Police are warning farmers in Scotland to stay vigilant for illegal and counterfeit pesticides.
A campaign is being run as part of a European-wide initiative, co-ordinated by Europol, against the trade – often run by organised criminal gangs.
Although there is no evidence that the use of illegal pesticides is widespread in Scotland, the campaign is in response to an emerging threat in Europe.
About 10% of all pesticides in use throughout Europe are thought to be illicit or counterfeit – and have not undergone any form of safety checks.
Counterfeit pesticides have already resulted in the loss of farmland worth €3m (£2.55m) in Poland.
Now Scottish police are visiting farms and suppliers to warn of the threat posed by the chemicals to farmers and staff working for agricultural merchants.
Illegal pesticides can pose serious human health risks, as well as environmental damage by polluting watercourses with potentially toxic chemicals.
A previous operation in 2015 by Europol carried out at ports and airports across seven EU countries recovered 190t of illegal or counterfeit pesticides.
Chief superintendent Barry McEwan, head of safer communities for Police Scotland, said it was important to keep illegal pesticides out of the country.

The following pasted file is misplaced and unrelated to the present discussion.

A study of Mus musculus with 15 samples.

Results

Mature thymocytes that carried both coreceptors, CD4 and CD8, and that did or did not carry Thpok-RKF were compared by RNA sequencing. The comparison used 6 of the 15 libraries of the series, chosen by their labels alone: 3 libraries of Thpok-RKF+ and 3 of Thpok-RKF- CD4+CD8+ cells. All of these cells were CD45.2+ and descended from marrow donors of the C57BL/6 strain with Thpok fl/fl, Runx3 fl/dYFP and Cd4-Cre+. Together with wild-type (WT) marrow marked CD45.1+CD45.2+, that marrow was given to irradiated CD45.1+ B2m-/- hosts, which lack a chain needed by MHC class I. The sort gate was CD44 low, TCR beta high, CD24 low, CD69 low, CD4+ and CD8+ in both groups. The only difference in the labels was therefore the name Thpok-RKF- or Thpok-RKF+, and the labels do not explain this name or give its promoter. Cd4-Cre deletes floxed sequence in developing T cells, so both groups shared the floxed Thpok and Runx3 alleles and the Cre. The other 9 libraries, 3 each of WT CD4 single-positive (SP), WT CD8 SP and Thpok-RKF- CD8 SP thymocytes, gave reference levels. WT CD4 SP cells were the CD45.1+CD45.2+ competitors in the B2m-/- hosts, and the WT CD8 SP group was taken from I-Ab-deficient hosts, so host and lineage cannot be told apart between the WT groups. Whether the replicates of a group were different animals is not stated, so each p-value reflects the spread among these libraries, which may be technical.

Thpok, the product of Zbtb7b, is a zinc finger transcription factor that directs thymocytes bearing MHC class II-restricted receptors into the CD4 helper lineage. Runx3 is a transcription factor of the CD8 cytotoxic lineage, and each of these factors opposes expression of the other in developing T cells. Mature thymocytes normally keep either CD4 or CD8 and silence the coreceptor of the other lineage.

“Counterfeit and illicit pesticides have been identified in parts of Europe as an emerging threat posed by organised criminals,” he said.
The same criminal networks, which import, distribute and sell counterfeit and illicit goods, may see a similar opportunity for illegal pesticides in Scotland and exploit it without considering the harm.
Dubbed Operation Silver Axe II, the clampdown was about prevention, enhanced international collaboration and deterring organised criminals from diversifying into new areas, said the chief superintendent.
“This preventative approach will be supported by enforcement action during March, with a shared commitment to tackling organised crime and reducing the harm it causes.”
A recent report from the EU’s Intellectual Property Office (EUIPO) showed the production of fake pesticides cost EU agrochemical businesses about €1.3bn (£1.1bn) each year in lost revenue, including £65m in the UK.